Fair Play: RP football in four minutes

FOR the past few days, I’ve been watching a four-minute, two-second video clip, over and over again.

It’s not a music video or a funny video, but it’s the highlight of the Philippines vs. Singapore match in the AFF Suzuki Cup.

The commentator, so used to seeing a Philippine team (even the improved one four years ago), get clobbered in the major football competition of Asean, was expecting another rout.

“Aleksander Duric and Mohd Noh Alam Shah will be trying to get the first goal as quickly as possible.”

But the present squad playing in Vietnam is not the Philippine team of old. Heck, we haven’t seen that ‘old senior squad,’ the one content to not lose, in over six years
“What a lovely ball….that should have been the first goal!”

I don’t really know when this surge started but I started noticing a difference with the Philippine team in 2004, when the tournament was still known as the Tiger Cup.

Before that, teams who take on the Philippines know it’s their chance to improve their goal difference. And that they did, since 1996, and for years, the team’s mindset has been not to win, but not to lose by much.

But in 2004 it was different.

“The Philippines….thought of going for goal and once again it’s a good strike!!! Had a lot of venom behind it…”

The boys were on the verge of earning a point against Myanmar before it conceded a very late goal, 1-0, in their first game. They got hammered by Malaysia, 4-1, in the next with Cebuano goalie Michael Casas saving a penalty before ending their winless streak in the international arena with a 2-1 win over Timor Leste.

Thailand was next and for the first time since I learned my “ABCs” the Philippines scored first. I still remember that moment, clearly.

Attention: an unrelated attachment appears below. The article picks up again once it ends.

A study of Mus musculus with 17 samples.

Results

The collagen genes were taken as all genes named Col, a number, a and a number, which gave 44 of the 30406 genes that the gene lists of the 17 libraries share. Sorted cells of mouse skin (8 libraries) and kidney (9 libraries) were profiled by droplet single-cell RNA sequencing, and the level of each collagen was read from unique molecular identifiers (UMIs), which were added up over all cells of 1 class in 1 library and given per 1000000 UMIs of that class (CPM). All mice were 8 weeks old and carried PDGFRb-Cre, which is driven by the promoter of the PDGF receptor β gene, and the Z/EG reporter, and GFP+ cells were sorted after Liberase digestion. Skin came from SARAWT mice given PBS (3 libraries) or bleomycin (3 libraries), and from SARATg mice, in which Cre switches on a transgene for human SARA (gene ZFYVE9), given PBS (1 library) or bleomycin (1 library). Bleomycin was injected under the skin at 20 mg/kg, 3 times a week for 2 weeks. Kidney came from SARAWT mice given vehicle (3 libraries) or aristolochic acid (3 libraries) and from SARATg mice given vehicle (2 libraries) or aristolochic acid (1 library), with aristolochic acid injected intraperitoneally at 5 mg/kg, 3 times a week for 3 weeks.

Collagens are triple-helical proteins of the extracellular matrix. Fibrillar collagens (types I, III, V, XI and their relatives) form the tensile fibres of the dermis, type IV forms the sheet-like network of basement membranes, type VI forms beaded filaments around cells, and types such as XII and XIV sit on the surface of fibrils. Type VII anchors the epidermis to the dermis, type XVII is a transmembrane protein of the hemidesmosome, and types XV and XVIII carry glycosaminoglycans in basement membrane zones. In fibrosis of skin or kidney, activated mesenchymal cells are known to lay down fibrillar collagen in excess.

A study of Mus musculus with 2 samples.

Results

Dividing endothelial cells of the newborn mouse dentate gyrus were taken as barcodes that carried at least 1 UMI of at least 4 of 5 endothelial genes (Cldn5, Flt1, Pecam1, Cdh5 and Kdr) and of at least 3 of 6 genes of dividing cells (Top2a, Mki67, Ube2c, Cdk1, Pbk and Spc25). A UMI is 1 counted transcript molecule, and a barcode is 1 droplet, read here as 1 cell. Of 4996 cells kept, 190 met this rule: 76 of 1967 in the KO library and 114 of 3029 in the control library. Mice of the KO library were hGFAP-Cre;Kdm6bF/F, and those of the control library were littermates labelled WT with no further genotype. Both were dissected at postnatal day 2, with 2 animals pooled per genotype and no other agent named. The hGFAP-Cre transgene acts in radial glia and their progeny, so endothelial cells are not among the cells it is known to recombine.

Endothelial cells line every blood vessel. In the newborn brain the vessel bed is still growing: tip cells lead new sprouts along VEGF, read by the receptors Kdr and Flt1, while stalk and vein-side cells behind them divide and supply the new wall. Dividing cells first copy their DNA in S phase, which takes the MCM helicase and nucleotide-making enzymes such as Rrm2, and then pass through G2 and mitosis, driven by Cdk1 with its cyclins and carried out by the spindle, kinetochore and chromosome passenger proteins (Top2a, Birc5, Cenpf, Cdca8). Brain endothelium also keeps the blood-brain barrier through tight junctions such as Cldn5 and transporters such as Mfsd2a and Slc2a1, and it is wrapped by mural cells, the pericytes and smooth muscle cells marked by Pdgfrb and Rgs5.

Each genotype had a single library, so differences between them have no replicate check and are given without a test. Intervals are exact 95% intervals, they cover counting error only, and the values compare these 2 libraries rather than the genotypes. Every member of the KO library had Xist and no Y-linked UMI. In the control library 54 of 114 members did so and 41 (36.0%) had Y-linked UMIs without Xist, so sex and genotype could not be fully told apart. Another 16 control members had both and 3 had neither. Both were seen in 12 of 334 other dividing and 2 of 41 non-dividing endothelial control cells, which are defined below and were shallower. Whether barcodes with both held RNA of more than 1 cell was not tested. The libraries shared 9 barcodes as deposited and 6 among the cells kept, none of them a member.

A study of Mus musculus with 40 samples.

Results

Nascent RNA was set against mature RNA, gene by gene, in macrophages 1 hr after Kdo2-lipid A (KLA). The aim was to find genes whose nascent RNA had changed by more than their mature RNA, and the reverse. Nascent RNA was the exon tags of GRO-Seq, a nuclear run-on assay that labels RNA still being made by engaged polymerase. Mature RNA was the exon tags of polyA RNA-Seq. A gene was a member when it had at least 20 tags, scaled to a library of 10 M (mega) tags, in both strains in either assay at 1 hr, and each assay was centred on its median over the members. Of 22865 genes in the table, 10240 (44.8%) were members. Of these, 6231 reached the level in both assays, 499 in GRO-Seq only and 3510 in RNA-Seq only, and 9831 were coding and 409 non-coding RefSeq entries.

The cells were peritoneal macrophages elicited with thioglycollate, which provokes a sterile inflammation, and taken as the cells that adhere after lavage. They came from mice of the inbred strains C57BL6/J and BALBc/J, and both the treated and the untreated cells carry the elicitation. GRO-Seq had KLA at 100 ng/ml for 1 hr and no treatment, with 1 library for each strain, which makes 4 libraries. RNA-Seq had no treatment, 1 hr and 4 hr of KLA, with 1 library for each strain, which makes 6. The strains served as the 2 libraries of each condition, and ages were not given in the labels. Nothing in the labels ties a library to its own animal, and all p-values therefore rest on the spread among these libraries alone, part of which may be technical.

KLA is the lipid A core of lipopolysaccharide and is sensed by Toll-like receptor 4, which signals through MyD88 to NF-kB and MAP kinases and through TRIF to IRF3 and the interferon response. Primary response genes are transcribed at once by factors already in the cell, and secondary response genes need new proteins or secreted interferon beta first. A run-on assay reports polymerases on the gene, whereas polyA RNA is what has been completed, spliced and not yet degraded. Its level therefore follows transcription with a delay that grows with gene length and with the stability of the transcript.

Emilio Caligdong struck from left, shocking Thailand with a 26th-minute goal. We were shouting so wildly we didn’t hear the commentator, who was probably more than shocked, as we were. Of course, Thailand, being Thailand, scored thrice to win the game.

For me, the 2006 tournament was the best for it showed the new character of the Philippine team.

After losing to Malaysia (4-0), and Thailand (4-0) in their first two games, the Philippines was to face Myanmar, who was probably looking forward to a semifinal appearance since a win would get them there.

The Philippines, playing for only its pride, held on and fought to a scoreless draw, denying Myanmar a final four spot and giving it to Malaysia.

But things, of course, didn’t go all too well after that. We stumbled again, failing to qualify in 2008 and I thought the country was back to being whipping boys as the new PFF president...

Singapore…tries again…Duricc!!! FINALLY!! We have the first goal here.”

However, the Azkals, as fans has taken to calling the team in 2006, are resilient. They bounce back. They never give up.

A chance to make it TWO-NILLLL….HOW did that ball stay OUTT? They had a couple of chances there where they could have taken a strike at goal.”

Thanks to a man named Dan Palami, RP football is on the rise again. Palami, the Leyte FA president, has found the perfect solution to solve the RP team’s woes. If the PFF problems are destroying football, then what’s the best way to isolate the RP team? To remove the PFF from the RP team.

That’s right. For two years now, Palami has been shouldering the training of the RP team. The PFF has no say and it’s part of the condition when Mari Martinez (Well, I guess, he did one thing right) asked him to manage the team.
The result?

“It’s a moment for Singapore to try to keep the lead….

“Younghusband….and THE EQUALIZER!!! The Philippines have DONE it!!! These players are going absolutely crazy here. It’s Christopher Greatwitch, much to the delight of his teammates as well as some Vietnamese fans. Look at them celebrate. They’re going crazy here, in Hanoi.

Against the odds here, in the beginning of this game. Philippines has struck a late, late, very late equalizer.”


Tito said…
i read it once, twice, trice... i keep getting goosebumps. nice one, Mike!